26 November 2002
Volume 11 - 2002 Issue 46 (26 Nov. 2002)
The Inter American Press Association (IAPA) is inviting senior journalism students and journalists from Canada and the United States to apply for its 2003 scholarship program.
The Central Asian and Southern Caucasus Freedom of Expression Network (CASCFEN) has launched a new website, providing information about free expression developments in the region. The site contains country reports on press freedom conditions in eight countries, upcoming conferences, online polls and a discussion forum.
The World Association of Newspapers (WAN) has awarded its 2003 Golden Pen of Freedom prize to the Belarusian Association of Journalists (BAJ) in recognition of the group's "courageous resistance to the repression of the media by President Aleksandr Lukashenko."
Governments should uphold human rights in the fight against terrorism by maintaining a free press and ensuring access to information, said experts who spoke at an International Press Institute (IPI) meeting in Austria last week.
Pakistani President Pervez Musharraf has approved three new media laws ARTICLE 19 warns will result in significant self-censorship amongst the country's press. The organisation says the Press Council Ordinance, Registration Ordinance and Defamation Ordinance are "clearly aimed at controlling the media" and serve to undermine Pakistan's process of democratic transition.
Russian President Vladimir Putin has vetoed amendments to two laws that, if signed, would have posed a "grave danger" to press freedom in the country, report the Committee to Protect Journalists and Reporters Without Borders (Reporters sans frontières, RSF).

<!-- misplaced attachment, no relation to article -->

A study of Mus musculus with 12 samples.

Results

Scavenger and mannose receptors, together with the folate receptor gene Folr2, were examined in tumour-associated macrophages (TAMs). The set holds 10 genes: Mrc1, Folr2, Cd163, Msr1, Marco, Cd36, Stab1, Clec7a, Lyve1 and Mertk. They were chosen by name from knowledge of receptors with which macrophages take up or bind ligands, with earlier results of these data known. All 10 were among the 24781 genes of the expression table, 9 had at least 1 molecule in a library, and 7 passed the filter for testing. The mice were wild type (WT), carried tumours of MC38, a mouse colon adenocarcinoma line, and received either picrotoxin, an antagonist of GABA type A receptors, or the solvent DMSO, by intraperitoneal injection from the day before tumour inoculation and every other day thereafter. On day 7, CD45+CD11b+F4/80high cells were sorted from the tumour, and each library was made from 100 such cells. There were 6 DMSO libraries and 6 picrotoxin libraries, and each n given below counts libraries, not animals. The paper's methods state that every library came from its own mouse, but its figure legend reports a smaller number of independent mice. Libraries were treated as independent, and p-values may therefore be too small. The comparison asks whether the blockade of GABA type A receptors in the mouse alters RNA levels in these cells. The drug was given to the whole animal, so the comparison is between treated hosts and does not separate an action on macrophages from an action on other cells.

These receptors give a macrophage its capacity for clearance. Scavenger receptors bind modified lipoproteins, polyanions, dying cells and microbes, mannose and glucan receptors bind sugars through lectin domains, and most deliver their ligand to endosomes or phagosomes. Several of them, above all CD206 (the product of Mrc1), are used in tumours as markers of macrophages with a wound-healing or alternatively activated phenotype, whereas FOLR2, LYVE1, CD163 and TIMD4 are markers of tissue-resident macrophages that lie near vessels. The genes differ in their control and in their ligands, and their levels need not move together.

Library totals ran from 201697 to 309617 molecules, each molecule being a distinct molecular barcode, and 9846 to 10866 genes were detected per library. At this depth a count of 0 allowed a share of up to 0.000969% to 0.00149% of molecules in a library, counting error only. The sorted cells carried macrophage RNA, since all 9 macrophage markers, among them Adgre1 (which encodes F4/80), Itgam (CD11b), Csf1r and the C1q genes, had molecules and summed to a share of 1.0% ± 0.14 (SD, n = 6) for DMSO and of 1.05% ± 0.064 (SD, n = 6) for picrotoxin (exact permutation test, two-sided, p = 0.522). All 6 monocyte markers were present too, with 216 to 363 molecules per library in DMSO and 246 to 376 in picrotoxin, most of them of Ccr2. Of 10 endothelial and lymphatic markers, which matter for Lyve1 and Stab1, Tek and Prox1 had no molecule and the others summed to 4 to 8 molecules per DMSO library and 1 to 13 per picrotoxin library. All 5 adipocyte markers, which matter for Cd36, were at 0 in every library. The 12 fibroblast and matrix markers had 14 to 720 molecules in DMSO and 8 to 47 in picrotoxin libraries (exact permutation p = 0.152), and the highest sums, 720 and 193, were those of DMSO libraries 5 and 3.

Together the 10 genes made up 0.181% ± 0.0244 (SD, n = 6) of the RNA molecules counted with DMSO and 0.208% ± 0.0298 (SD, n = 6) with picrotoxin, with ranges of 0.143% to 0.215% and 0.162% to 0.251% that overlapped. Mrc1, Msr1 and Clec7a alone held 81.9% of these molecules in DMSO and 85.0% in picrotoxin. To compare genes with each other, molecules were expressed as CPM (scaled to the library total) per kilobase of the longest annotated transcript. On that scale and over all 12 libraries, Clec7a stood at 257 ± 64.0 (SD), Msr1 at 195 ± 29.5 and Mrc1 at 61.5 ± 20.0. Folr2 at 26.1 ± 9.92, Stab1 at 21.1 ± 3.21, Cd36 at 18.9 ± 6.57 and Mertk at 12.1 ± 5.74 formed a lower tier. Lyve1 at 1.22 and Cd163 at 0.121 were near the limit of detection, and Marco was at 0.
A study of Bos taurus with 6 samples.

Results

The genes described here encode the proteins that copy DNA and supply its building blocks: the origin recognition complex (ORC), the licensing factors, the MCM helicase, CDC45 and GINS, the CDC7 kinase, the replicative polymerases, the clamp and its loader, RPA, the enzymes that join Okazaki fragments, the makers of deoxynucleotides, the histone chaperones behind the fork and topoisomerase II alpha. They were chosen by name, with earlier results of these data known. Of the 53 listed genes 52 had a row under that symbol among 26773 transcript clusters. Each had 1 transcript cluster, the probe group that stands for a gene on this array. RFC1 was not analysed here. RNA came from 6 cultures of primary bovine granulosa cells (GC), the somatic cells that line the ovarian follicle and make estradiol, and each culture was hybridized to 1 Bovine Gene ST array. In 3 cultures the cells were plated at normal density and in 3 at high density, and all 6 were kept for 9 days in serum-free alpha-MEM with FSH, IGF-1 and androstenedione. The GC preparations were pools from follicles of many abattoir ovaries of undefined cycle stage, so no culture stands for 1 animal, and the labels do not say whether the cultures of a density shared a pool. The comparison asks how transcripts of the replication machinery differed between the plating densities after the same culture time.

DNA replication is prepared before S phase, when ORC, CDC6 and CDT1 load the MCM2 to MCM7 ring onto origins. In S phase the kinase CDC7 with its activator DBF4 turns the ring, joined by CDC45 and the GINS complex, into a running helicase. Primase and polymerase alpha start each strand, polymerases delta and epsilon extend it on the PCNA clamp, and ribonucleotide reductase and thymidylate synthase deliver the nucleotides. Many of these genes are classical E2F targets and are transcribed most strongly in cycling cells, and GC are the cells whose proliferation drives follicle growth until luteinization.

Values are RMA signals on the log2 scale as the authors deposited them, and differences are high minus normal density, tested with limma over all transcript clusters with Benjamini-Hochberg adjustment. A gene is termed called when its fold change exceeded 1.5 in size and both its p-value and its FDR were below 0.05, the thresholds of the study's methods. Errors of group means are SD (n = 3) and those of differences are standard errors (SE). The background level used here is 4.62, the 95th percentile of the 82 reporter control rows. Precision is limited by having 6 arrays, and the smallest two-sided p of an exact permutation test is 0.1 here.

While killings and disappearances of journalists in Algeria have decreased in recent years, journalists continue to be the target of threats by local officials, business people and guerrilla movements, and impunity remains widespread, says Reporters Without Borders (Reporters sans frontières, RSF). The organisation recently released its findings from a mission to Algeria in October.
Press-freedom groups have raised concerns over conditions in Nigeria after a death sentence was issued against a journalist whose article about a Miss World beauty contest sparked violent protests and the destruction of a newspaper's offices.
As international pressure mounts over the impact on free expression of a proposed national security law in Hong Kong, 19 IFEX members issued a joint appeal last week urging Hong Kong authorities to scrap repressive provisions and release the draft legislation for public comment.
Ram Chander Chaterpatti, the editor of a newspaper in India's northern state of Haryana, died on 23 November from wounds sustained a month earlier when he was shot by a suspected member of a religious sect. Chaterpatti, 52, was shot four times outside his home on 24 October by an unidentified man reported to be part of the Dera Sacha Sauda sect, says Reporters Without Borders (Reporters sans frontières, RSF). He died in a New Delhi hospital.
Press freedom world-wide has deteriorated in the past year, marked by an increased number of jailed journalists and little progress in countries where freedom of expression has long been restricted, says a new report released this week by the World Association of Newspapers (WAN).